Gideon Levy
Haaretz (Opinion)
August 11, 2011 - 12:00am

What's left of Prime Minister Benjamin Netanyahu? What remains of his ideas and worldview? To judge by his statements - nothing whatsoever. The man who was portrayed as an ideological statesman, a writer and a thinker, the man whose views some pundits have vied with one another to worship, has been left denuded of his ideas, backpedaling on his entire doctrine.

He should be praised for his flexibility, but we should also ask, if this is the way things are, what do we need him for? If he has given up all his ideas and adopted others instead, why not go straight to the source, to the people who held another ideology all along?

It began with the Bar-Ilan speech. The Greater Land of Israel disappeared, at least in words; the great dream dissipated. True, Netanyahu didn't put anything from that speech into action, but he drew back completely from his ideas, explicitly conceding that he had made a historic mistake.

Right after that, he folded another flag - the war against Iran. Netanyahu has made an international career out of that, and here Iran is, going about its business, with Netanyahu's Israel doing almost nothing about it. That flag has been put in storage along with another - the war on terror.

And another specialty of "Mr. Terror" has become irrelevant: The Palestinians have realized that terror doesn't move their agenda ahead so they've chosen another path, completely unconnected to Netanyahu and his policies, perhaps despite his policies. Israel's greatest hawk has become a passive observer from the sidelines - not doing much, certainly not in making his ideas a reality, and even conceding that he was mistaken about them.

All right, we've said that in foreign affairs and security Netanyahu realized that he has to be in sync with at least some part of the world, at least with some part of reality, so he has given up his impossible ideas. If he had also applied his lessons learned, we could praise him. But of course he has done nothing, only folded his flags and sunken into do-nothing impotence.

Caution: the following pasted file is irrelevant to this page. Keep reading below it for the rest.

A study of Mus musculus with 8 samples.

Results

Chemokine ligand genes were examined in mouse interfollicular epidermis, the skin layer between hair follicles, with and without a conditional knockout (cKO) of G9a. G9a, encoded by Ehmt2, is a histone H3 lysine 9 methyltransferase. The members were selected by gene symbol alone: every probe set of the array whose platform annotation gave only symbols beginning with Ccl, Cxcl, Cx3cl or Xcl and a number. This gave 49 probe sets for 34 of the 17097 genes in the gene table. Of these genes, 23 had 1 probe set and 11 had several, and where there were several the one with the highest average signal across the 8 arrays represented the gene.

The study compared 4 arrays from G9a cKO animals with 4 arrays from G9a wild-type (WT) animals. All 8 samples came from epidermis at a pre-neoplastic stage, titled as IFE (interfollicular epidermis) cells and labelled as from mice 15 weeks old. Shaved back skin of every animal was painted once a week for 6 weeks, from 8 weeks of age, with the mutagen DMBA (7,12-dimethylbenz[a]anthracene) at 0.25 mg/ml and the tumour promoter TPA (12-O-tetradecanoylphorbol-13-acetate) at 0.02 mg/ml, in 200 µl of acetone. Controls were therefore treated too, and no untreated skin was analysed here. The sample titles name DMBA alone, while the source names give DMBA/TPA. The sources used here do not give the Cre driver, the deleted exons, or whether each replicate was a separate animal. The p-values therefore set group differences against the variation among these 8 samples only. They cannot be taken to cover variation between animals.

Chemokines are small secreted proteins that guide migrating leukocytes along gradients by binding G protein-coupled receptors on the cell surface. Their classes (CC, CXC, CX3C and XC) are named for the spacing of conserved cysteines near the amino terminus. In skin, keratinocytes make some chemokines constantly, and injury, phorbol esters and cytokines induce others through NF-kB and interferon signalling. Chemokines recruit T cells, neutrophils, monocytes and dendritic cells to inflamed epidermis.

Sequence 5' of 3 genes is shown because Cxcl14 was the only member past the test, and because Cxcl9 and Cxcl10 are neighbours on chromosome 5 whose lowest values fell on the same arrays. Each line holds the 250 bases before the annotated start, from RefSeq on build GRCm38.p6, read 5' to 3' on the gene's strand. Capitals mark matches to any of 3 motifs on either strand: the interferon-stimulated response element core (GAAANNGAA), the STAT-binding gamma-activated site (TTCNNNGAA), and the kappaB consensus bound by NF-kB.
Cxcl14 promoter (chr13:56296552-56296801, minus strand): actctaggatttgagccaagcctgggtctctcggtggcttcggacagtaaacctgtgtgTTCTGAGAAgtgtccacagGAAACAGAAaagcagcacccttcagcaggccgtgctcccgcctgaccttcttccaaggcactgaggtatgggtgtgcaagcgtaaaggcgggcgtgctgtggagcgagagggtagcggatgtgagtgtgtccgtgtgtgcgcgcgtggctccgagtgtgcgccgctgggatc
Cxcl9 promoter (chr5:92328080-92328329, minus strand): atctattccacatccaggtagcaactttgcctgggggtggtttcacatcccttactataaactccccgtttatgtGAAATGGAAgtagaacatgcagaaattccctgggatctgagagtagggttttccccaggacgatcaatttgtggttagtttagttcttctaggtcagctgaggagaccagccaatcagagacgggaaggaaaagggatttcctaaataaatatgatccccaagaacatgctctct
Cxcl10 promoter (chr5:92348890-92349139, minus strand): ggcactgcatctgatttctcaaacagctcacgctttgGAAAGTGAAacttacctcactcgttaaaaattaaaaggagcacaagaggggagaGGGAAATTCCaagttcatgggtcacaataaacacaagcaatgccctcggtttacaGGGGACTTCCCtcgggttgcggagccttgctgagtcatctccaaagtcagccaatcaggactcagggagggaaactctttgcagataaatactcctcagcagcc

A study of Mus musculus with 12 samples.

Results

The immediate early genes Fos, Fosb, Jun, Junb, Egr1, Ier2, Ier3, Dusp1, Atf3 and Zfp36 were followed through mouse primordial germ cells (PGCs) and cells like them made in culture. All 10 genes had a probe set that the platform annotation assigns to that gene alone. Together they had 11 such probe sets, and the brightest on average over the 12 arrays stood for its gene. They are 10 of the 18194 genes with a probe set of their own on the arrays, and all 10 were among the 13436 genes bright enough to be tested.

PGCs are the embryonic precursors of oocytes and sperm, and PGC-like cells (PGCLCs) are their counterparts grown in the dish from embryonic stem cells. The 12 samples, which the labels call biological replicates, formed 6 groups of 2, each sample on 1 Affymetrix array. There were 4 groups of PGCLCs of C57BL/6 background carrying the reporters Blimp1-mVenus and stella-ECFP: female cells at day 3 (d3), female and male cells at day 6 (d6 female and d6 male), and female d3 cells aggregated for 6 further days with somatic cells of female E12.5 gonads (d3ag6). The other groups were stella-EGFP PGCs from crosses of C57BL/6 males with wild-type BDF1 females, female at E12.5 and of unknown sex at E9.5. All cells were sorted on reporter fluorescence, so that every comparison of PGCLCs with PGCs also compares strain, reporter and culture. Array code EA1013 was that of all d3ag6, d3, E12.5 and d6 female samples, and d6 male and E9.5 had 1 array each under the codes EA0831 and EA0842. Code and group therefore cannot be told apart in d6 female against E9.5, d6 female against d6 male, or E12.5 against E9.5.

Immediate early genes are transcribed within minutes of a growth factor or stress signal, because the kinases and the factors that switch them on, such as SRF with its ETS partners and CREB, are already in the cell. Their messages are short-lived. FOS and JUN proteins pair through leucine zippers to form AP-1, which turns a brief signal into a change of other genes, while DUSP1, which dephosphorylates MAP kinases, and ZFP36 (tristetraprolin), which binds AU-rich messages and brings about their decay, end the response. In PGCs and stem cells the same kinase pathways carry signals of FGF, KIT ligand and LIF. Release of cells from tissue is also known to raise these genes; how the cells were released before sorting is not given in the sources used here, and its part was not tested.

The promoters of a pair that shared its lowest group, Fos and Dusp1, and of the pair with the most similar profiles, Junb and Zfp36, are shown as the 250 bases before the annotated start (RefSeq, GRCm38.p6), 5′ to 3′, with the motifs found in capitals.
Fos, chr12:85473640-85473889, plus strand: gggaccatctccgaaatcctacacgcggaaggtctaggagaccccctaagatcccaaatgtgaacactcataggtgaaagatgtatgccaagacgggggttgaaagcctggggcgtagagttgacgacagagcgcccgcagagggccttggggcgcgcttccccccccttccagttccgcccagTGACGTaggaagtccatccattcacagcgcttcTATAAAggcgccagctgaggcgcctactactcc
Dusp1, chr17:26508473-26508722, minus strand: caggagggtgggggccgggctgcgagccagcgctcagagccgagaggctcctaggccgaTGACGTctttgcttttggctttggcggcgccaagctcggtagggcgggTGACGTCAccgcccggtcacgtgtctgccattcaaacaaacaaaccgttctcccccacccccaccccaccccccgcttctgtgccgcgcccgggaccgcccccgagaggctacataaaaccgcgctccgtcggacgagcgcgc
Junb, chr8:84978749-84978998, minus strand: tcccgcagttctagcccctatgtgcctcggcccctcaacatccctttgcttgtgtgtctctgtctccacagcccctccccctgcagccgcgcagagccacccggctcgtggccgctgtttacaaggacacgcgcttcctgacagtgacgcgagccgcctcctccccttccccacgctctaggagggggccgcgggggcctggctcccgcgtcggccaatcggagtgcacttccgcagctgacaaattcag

But he still had the economy - his second area of expertise. Here, too, his ideas and doctrine are well-known. He even implemented some of them when he was finance minister; reducing the public sector, corporate tax and income tax was close to his heart. But amazingly he's backing off from that too, shedding all his neoliberal and capitalist feathers. Now he says the opposite should be done, the very opposite.

It's only words. To Prof. Manuel Trajtenberg he said: "I understand a change in my views is needed." In support of his statement, he told Trajtenberg that he had read a new book about Theodor Herzl, that Herzl also changed his opinions. "I'm talking about a fundamental change in your positions," the professor said, and the prime minister said yes. Thus did Netanyahu pledge that he had changed his views. The socioeconomic doctrine he fostered is gone, too.

Yes, it may be justifiably claimed that Netanyahu is only talking the talk. He only wants to satisfy America - that's why he sold his statesman's soul for pennies. He only wanted to satisfy Trajtenberg, so he sold his socioeconomic doctrine for a mess of pottage.

But when the prime minister talks, his statements mean something. There are only two possibilities. Either Netanyahu is all talk and doesn't intend to change things and change himself. If that's the case we have a prime minister who is misleading and tricking us, and we should get rid of him quickly. Or he really does intend to cast off everything he has preached for years. If so, why do we need him, of all people? Let's elect someone who was right all along.

Maybe we'll find, as some small measure of comfort, that Netanyahu has impressive organizational skills. That at least he'll be a good manager for us. Oops, half his office has resigned, and the other half is on the way. He's not a good manager either.

Well, at least maybe he's a media wizard, as he has been dubbed. But Israel's international standing, especially that of its government, leaves no room for doubt about that. He understands nothing about public relations. The fact is, no one in the world still buys his goods, even when they're marketed in his highly polished English. So what do we have left? What's left of Netanyahu? Nothing, nothing at all.